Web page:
Friday, March 29, 2019

FCC Should Close Its Toll-Free Texting Proceeding and Tackle Robocalls

There were nearly 5 billion robocalls in February, according to press reports. A substantial number of robocalls are scams or unwanted calls. Yet during that same month, there likely were zero instances of toll-free phone numbers being enabled to receive text messages without authorization by business subscribers. That's because toll-free texting isn't a genuine consumer protection problem – but robocalls are a serious and growing problem.

Instead of devoting any further agency resources to considering proposals to impose unhelpful new regulation on toll-free texting, the FCC should promptly close its toll-free texting proceeding and direct its attention to actions which will curb unwanted robocalls. To its credit, the Commission is now trying to determine what further actions it can take to address the robocall problem. 

Although texting is ubiquitous for mobile wireless services, many enterprises sign up with texting service providers to receive texts to their landline numbers, including toll-free numbers. So it was rather unexpected when in 2018 the FCC proposed rules to control authorizations for text enabling of toll-free numbers. Free State Foundation President Randolph May and I filed public comments with the FCC regarding its proposal. As we explained, there is no good reason for regulating authorization of texting services for toll-free numbers. Rather, there are several reasons why regulating toll-free texting would be unwise and harmful. 

First, there is no market failure problem regarding texting and online messaging services.

According to a CTIA estimate, in 2017 American consumers sent a combined 1.77 billion text messages (counting 160-character texts as well as photos and video clips). Competing mobile wireless providers offer consumers service plans that bundle unlimited texting with voice and data. Also, instant messaging, social media, and email are widely available alternatives for consumers. Furthermore, the record evidence compiled in the FCC's proceeding shows no clear-cut instances of consumer harm caused by unauthorized text-enabling of toll-free numbers. 

Second, new regulation would undermine the non-regulated, pro-innovation environment in which texting emerged – and which FCC policy supports.

Text messaging services are a technological and marketplace innovation success story. They developed outside the strictures of legacy telephone regulation. Moreover, in December 2018, the FCC issued an order declaring that text-messaging services fit within the statutory definition of non- or lightly-regulated “information services” under Title I of the Communications Act. The Commission's order acknowledged that SMS spam texting rates of around 2.8% are drastically lower than email spam rates of over 50%. And the order stated that "continuing to empower wireless providers to protect consumers from spam and other unwanted messages is imperative." Just as the order found that legacy telephone regulation under Title II would be harmful to innovation necessary to combat unwanted texts, expanding legacy regulation to text-enabling of toll-free numbers would be equally harmful.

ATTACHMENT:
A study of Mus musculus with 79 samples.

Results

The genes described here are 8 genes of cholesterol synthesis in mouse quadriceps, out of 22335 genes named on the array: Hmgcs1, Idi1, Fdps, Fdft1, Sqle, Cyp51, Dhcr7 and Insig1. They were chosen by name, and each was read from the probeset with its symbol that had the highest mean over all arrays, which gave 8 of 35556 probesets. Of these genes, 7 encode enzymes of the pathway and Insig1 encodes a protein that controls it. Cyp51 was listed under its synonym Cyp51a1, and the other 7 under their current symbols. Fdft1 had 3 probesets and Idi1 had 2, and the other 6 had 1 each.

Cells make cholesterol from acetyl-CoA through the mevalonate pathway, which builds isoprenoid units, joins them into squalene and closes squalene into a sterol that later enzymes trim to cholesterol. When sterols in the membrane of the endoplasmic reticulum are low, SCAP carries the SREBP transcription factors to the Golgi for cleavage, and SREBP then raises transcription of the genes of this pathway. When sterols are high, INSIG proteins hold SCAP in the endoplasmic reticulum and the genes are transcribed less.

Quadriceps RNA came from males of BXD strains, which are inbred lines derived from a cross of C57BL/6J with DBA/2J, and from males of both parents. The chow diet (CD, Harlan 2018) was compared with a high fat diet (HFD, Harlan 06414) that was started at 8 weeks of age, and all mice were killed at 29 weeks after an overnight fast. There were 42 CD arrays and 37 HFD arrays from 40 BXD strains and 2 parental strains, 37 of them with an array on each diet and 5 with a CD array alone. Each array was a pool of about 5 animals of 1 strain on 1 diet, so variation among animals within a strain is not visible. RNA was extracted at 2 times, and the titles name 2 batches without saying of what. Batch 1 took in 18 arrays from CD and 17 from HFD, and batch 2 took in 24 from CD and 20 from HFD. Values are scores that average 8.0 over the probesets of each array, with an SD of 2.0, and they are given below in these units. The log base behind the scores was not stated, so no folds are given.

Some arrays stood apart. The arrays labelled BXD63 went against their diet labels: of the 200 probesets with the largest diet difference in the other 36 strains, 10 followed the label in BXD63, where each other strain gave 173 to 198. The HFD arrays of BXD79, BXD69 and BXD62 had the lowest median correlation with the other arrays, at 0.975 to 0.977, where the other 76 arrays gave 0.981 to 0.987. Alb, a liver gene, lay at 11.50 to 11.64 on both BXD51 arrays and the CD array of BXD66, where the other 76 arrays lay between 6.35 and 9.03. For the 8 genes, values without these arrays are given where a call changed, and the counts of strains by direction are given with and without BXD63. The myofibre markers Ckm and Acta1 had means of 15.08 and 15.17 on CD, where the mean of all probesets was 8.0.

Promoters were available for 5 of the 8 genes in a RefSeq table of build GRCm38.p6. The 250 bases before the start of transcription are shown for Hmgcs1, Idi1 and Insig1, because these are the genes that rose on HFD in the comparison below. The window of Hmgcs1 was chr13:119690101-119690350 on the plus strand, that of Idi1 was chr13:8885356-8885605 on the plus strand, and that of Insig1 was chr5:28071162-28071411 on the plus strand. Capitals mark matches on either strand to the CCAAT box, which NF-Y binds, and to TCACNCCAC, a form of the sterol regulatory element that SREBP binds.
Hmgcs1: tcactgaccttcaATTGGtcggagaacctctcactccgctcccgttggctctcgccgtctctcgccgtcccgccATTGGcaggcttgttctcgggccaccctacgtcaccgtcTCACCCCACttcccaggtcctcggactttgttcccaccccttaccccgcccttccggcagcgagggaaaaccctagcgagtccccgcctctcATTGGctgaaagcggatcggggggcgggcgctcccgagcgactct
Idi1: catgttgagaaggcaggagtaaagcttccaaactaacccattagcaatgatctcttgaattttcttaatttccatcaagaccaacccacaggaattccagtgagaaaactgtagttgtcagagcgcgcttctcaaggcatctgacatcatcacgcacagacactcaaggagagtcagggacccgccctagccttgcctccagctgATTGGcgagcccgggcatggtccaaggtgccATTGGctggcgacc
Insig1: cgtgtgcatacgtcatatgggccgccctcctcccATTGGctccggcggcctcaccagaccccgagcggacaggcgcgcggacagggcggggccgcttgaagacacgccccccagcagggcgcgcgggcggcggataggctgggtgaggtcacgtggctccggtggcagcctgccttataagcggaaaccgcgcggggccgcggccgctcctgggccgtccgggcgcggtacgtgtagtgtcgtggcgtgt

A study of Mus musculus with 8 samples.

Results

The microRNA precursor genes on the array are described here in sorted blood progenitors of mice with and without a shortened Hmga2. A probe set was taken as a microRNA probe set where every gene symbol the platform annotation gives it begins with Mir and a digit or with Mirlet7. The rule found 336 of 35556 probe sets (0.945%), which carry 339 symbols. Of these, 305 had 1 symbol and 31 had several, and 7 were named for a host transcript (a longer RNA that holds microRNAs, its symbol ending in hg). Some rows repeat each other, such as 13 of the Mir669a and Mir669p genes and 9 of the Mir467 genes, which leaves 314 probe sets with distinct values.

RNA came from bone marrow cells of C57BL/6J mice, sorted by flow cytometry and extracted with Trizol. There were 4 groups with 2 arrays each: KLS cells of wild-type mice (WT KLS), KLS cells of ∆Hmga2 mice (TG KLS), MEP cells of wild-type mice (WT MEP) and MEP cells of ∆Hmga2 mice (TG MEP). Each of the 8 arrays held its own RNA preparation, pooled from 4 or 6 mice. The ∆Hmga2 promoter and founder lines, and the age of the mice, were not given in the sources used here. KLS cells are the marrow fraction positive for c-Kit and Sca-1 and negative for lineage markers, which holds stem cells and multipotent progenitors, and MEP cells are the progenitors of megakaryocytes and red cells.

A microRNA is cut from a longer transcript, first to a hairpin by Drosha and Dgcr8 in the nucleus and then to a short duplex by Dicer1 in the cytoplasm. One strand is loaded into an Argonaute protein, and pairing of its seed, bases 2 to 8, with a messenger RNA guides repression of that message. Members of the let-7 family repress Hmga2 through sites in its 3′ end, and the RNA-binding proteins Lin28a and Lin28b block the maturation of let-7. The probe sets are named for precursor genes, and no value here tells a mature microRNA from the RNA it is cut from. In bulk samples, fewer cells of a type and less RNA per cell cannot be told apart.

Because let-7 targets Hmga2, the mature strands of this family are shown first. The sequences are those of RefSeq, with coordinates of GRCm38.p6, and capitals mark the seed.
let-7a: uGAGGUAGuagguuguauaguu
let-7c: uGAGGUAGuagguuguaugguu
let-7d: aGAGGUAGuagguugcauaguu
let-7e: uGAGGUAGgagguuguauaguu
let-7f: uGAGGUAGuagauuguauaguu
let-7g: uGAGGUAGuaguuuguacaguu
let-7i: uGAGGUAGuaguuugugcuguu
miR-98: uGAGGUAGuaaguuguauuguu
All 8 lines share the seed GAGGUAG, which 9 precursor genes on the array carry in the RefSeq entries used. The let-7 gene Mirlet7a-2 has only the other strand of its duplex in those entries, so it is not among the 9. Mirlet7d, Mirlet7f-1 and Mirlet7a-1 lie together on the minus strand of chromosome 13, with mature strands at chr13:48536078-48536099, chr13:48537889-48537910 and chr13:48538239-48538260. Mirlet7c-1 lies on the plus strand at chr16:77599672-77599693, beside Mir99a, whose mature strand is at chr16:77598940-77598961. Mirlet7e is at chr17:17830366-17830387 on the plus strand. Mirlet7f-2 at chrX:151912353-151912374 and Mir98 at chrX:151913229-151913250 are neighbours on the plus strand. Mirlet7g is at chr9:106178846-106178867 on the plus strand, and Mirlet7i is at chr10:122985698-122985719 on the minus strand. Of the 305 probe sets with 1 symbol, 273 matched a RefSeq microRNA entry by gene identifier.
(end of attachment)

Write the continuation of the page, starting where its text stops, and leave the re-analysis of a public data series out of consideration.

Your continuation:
Third, the FCC's 2018 Declaratory Ruling addressed any potential problems.

In itsDeclaratory Ruling from June 2018, the Commission "clarif[ied] that only a toll-free subscriber may authorize the text-enabling of a toll-free number and that such authorization must occur beforea toll free number is text-enabled." The Commission's ruling sufficiently set forth the rights of toll-free number owners, facilitating recourse at the Commission or in the courts in cases of alleged violations. Additionally, text messaging service providers have confirmation processes in place for toll-free number owners. Those providers do not stand to gain from text-enabling numbers without authorization, and existing market incentives are adequate to protect consumers. If text-messaging providers abuse the confirmation process, they will damage their reputation and lose valuable business to rival providers and messaging platforms – of which there are many.

Fourth, new regulation would create obstacles to addressing any actual instances of unauthorized text-enablement of toll-free numbers.

The Commission's proposal would require "Responding Organizations" (RespOrgs) to verify that toll-free number owners consented to text-enablement. This would mean inserting RespOrgs – which assign toll-free numbers for voice calling – into an entirely new role of administering already assigned toll-free numbers for texting. But owners of toll-free numbers would not benefit by this because RespOrgs don't possess reliable information regarding the identity of toll-free number owners. Rather, RespOrgs would accrue, wrongfully, a benefit from Commission regulation handing them a new line of business. 

In sum, it's time for the FCC to close its toll-free text-enabling proceeding and to focus the freed-up resources on combatting the increasing number of unwanted robocalls to consumers.